Post title:  Skill and the Taking of Vows

(Apr 16 2013 at 10:41 AM)

 

 

"When formulating lay precepts based on his distinction between skillful and unskillful, the Buddha never made any allowances for ifs, ands, or buts. When you promise yourself to abstain from killing or stealing, the power of the promise lies in its universality. You won't break your promise to yourself under any conditions at all."

(Thanissaro Bhikku, "Getting the Message", accesstoinsight.org)


The difficulty in this point of view is that skillful means is not something that is acquired through willful action, whether that action is for good or not. Keeping the precepts willfully, in the belief that one is taking the high road and acquiring skill, will result in ill- there's a passage in the Pali suttas where Gautama talks about "what we will, what we intend to do, or that wherewith we are occupied" and explicitly states that regardless of whether such action is for merit or demerit, ill will result. I would say that skill along the lines that Gautama spoke of is acquired through the experience of absorption in one's own nature, not otherwise, and that this experience begins with the freedom of the sense of place and the contribution of an ability to feel "with no part left out" to the movement of breath. The disciples of Gautama were described as like wild beasts, and the person making the description considered that a good thing.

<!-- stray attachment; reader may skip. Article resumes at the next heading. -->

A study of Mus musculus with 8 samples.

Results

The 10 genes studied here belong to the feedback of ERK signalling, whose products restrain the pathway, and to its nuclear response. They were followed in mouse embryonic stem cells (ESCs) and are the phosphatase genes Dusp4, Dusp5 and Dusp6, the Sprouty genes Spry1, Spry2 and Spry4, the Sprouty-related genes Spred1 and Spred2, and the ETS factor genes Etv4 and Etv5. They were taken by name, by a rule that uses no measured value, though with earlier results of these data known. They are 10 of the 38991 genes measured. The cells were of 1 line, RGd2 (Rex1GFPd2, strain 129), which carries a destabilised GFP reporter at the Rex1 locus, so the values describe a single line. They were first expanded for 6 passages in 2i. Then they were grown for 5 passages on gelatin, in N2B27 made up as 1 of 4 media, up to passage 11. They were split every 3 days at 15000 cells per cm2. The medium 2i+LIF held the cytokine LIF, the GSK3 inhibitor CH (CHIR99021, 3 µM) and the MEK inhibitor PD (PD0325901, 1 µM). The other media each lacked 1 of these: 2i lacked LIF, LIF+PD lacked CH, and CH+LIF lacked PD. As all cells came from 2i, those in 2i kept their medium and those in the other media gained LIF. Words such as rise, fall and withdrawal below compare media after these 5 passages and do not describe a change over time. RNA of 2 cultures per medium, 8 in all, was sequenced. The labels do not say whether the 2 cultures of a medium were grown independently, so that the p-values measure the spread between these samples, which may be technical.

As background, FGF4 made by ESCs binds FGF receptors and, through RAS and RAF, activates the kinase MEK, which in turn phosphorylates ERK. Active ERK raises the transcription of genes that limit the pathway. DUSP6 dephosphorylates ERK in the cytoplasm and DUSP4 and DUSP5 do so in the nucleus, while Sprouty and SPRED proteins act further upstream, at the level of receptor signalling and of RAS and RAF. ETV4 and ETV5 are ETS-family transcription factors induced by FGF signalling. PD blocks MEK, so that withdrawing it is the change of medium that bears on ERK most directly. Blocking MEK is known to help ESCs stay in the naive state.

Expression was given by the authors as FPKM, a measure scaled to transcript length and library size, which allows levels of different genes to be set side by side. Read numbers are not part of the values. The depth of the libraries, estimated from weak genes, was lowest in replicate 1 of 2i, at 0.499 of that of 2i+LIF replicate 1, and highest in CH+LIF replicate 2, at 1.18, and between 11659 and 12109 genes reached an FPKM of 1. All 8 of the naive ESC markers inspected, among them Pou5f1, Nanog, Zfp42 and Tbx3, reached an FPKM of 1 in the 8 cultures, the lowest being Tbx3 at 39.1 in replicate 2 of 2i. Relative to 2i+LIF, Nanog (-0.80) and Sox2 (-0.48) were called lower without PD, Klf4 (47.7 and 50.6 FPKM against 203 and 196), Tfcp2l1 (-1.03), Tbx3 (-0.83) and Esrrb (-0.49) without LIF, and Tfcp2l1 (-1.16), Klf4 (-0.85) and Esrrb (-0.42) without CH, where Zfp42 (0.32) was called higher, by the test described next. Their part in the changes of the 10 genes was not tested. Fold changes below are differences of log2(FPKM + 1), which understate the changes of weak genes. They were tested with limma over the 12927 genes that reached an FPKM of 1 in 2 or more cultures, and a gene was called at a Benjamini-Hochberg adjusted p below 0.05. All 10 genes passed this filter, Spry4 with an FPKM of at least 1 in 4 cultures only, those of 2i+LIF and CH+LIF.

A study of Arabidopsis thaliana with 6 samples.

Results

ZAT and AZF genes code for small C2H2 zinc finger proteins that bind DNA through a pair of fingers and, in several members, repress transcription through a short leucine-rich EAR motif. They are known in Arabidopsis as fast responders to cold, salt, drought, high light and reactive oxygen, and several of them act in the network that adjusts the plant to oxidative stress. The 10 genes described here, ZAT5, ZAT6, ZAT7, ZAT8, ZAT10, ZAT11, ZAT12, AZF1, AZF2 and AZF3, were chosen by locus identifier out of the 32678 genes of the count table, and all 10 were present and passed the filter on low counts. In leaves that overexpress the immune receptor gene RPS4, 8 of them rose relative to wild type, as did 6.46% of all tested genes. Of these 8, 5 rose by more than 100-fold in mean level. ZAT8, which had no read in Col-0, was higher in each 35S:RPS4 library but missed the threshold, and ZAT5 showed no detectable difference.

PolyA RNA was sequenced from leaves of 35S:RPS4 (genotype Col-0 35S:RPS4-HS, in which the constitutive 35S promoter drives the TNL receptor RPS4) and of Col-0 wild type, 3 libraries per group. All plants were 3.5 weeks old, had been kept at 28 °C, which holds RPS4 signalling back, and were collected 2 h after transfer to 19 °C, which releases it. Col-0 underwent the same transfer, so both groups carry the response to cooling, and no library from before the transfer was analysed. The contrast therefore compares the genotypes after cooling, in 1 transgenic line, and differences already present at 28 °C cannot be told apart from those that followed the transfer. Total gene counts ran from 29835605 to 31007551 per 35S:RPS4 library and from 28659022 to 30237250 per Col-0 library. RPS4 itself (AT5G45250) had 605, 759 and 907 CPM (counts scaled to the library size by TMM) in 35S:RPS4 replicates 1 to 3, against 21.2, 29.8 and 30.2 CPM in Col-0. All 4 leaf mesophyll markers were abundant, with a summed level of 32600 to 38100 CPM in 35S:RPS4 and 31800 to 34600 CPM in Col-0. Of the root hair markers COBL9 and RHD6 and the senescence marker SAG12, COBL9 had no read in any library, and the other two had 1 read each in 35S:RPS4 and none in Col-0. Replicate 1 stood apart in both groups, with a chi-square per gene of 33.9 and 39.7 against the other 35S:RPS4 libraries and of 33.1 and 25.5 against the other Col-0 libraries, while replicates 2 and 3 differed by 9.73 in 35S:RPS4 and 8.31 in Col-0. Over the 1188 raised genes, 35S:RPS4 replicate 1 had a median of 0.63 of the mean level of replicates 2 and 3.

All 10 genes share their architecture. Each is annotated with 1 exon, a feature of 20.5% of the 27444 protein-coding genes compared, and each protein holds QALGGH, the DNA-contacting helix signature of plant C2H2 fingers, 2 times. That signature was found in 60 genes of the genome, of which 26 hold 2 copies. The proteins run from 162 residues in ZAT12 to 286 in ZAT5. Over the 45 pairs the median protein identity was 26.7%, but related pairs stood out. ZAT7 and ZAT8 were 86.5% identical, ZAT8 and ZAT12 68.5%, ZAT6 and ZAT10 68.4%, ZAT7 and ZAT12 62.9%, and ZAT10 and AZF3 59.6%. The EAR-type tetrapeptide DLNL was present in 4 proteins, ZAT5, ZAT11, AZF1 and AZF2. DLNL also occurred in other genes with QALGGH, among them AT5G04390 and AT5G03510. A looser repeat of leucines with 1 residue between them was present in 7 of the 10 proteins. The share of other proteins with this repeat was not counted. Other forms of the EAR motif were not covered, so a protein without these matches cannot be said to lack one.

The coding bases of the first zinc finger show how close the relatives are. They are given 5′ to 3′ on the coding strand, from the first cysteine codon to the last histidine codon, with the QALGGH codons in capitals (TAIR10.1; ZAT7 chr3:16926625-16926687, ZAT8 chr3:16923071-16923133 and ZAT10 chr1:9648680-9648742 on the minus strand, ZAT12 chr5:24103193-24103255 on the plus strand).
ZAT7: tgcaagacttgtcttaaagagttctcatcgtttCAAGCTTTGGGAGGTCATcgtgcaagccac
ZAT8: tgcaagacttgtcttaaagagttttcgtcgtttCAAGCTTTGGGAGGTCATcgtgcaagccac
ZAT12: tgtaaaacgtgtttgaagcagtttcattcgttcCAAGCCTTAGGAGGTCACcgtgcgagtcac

"33 Again you have heard that it was said to those of old, 'You shall not swear falsely, but shall perform to the Lord what you have sworn.' 34 But I say to you, Do not take an oath at all, either by heaven, for it is the throne of God, 35 or by the earth, for it is his footstool, or by Jerusalem, for it is the city of the great King. 36 And do not take an oath by your head, for you cannot make one hair white or black. 37 Let what you say be simply 'Yes' or 'No'; anything more than this comes from evil."

(Matthew 5:33-37)


There are those who say the precepts are the gateway of Zen, and it's true that Gautama said "making self-surrender the object of thought, one lays hold of concentration, one lays hold of single-pointedness of mind." Self-surrender as the object of thought is a kind of precept, and the word Zen is derived from the Sanskrit word "dhyana", which means concentration, so at least in this sense something like a precept may in fact be considered a gateway to concentration. Nevertheless, the induction of states characterized by "single-pointedness" of mind is like falling asleep- it's not done through the exercise of will- and the benefit of such states like the benefit of sleep is in well-being, out of which sound action arises.